WEST HUMBOLDT PARK — Construction will soon start on a $50 million “creative office campus” in West Humboldt Park, a project designed to spark economic growth in the long-neglected neighborhood.
The development at 1334 N. Kostner Ave., called The Terminal, is part of Mayor Lori Lightfoot’s Invest South/West initiative, which aims to bring economic investment to the South and West sides.
Development firm IBT Group is behind the project. The developer plans to convert a cluster of three old warehouses — the longtime home of lighting and electrical equipment manufacturer Pyle-National Co. — into a 240,000-square-foot, 6.9-acre campus for “creatives, makers and innovators.”
The development team has said it hopes to lure tech and creative companies to the industrial campus as rents rise in booming Fulton Market and similar neighborhoods.
The project, which is being funded exclusively by private dollars, has the strong support of Lightfoot, Ald. Emma Mitts (37th), who represents West Humboldt Park, and Planning and Development Commissioner Maurice Cox, among other officials.
“The West Humboldt Park/Austin area I think is already trending up,” billionaire investor Joe Mansueto said at Monday’s ground-breaking ceremony. “Hopefully this development will be a catalyst for other similar developments and help take that to another level.”
If everything goes according to plan, the development will be completed about two-and-a-half years from the start of construction, according to IBT Group, which is working to obtain a city building permit.
The developer bought the 6.9-acre site for $8.25 million in July after months of planning. The project was called Humboldt Lit in its early planning stages but has since been renamed The Terminal.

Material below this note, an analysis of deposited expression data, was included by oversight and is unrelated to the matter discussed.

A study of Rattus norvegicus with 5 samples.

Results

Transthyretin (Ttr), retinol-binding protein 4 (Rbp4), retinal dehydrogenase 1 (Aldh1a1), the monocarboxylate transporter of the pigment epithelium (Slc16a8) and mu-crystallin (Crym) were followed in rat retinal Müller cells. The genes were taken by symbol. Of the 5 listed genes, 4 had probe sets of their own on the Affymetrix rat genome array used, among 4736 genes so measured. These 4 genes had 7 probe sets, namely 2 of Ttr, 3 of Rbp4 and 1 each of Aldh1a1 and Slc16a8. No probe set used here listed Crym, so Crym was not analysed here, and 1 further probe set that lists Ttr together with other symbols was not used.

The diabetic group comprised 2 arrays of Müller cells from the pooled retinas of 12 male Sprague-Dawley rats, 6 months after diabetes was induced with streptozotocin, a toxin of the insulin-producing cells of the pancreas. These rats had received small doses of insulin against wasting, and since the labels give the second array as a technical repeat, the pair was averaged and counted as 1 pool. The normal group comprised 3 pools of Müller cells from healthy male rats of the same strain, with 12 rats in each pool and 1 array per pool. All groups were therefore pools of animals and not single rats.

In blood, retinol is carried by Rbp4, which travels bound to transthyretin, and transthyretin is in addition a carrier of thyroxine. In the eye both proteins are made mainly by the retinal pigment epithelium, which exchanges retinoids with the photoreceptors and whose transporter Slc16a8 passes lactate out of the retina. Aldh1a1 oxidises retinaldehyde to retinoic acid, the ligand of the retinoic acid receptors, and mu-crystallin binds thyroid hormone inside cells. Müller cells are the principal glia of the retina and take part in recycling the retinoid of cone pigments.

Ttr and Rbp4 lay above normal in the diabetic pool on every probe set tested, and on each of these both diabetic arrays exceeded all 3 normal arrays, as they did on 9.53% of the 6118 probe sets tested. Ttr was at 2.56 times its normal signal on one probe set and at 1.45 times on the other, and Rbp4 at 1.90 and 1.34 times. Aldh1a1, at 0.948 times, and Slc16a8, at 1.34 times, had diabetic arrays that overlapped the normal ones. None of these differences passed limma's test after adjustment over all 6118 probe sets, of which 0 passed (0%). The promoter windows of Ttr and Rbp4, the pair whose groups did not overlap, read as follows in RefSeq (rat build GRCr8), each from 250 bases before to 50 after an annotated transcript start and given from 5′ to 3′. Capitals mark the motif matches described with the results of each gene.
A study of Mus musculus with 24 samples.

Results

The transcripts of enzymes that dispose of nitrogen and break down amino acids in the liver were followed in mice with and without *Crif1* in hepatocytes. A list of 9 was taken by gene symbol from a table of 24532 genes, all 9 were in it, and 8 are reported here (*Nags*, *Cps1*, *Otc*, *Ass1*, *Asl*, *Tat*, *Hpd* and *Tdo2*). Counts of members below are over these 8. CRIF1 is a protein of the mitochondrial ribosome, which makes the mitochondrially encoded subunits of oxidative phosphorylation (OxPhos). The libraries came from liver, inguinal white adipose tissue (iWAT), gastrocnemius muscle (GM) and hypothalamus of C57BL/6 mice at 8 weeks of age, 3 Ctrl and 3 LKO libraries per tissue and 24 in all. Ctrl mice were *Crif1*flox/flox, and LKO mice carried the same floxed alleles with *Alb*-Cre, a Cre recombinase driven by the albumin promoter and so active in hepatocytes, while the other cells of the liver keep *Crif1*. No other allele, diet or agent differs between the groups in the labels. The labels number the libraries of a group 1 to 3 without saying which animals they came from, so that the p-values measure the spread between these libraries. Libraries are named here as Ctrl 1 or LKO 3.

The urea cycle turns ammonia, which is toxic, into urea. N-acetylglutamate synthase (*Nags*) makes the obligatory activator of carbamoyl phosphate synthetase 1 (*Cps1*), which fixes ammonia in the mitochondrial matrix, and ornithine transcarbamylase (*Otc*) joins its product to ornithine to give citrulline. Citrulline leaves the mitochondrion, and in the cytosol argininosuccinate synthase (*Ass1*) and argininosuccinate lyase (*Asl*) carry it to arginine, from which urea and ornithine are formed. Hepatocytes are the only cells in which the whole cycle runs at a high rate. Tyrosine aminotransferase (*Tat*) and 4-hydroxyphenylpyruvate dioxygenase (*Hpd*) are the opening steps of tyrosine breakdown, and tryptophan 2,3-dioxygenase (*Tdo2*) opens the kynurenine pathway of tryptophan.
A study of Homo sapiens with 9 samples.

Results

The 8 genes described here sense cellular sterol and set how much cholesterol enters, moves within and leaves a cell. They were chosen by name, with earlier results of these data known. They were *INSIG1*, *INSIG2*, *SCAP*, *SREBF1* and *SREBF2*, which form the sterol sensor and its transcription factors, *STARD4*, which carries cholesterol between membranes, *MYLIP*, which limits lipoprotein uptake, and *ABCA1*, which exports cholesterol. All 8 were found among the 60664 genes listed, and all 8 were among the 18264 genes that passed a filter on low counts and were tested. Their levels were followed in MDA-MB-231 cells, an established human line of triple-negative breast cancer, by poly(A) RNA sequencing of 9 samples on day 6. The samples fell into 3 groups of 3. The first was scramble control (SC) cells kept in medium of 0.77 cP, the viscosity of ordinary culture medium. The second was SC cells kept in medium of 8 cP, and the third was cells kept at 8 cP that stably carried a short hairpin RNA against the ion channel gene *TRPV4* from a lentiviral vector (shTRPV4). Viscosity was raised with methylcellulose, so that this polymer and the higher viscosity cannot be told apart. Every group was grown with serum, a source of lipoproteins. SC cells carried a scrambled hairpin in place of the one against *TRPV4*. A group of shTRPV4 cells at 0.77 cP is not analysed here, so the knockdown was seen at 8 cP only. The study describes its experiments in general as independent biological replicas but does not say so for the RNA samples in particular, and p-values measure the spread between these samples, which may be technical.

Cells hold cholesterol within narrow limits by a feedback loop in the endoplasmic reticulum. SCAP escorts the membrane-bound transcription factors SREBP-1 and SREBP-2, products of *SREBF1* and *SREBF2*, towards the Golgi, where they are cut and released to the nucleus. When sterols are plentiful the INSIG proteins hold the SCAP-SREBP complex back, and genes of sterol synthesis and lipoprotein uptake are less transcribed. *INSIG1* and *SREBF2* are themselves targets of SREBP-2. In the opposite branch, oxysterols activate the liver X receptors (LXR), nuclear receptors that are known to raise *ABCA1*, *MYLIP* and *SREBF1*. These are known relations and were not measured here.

In a news release, Mitts said, “The Terminal is going to help change the landscape of the neighborhood, erase the emptiness of these vacant lots and help transform the area.”
Lightfoot said Monday the project builds on the city’s commitment to revive South and West side communities that need investment the most.
“I have a vision, but I have a passion to make sure that people in these neighborhoods who haven’t seen a dime of investment for decades also are respected, also are heard, because that is what truly will make us a great global city,” Lightfoot said.
Not everyone favors the project.
Some residents, including members of the community group Nobel Neighbors, have raised concerns. They contend IBT hasn’t solicited enough community feedback for such an ambitious development, which could drastically change property values in the neighborhood. They also fear the work could usher in gentrification.
The project does not require a zoning change and therefore does not need the approval of Mitts or neighborhood groups to move forward.
Asked about neighbors’ concerns Monday, Lightfoot said, “I don’t know the particulars of that, but I know through work with Ald. Mitts that there will be plenty of opportunity for the community to be involved, to get jobs, and I’m excited that this building, which has essentially been vacant for a long time, will be repurposed in a way that is really going to serve the community.”
The buildings, which date to the turn of the 20th century, were home to Pyle-National for decades.
The lighting company moved into the buildings in 1916, where it manufactured headlights and other lighting and electrical equipment for railroad use, as well as exterior lighting for prominent buildings like the Wrigley Building, Tribune Tower, Soldier Field and the Rose Bowl.
It’s unclear exactly when Pyle-National moved out of the buildings, but the development team said it was likely sometime in the 1960s. When IBT took over the property, a used furniture business was operating out of the buildings.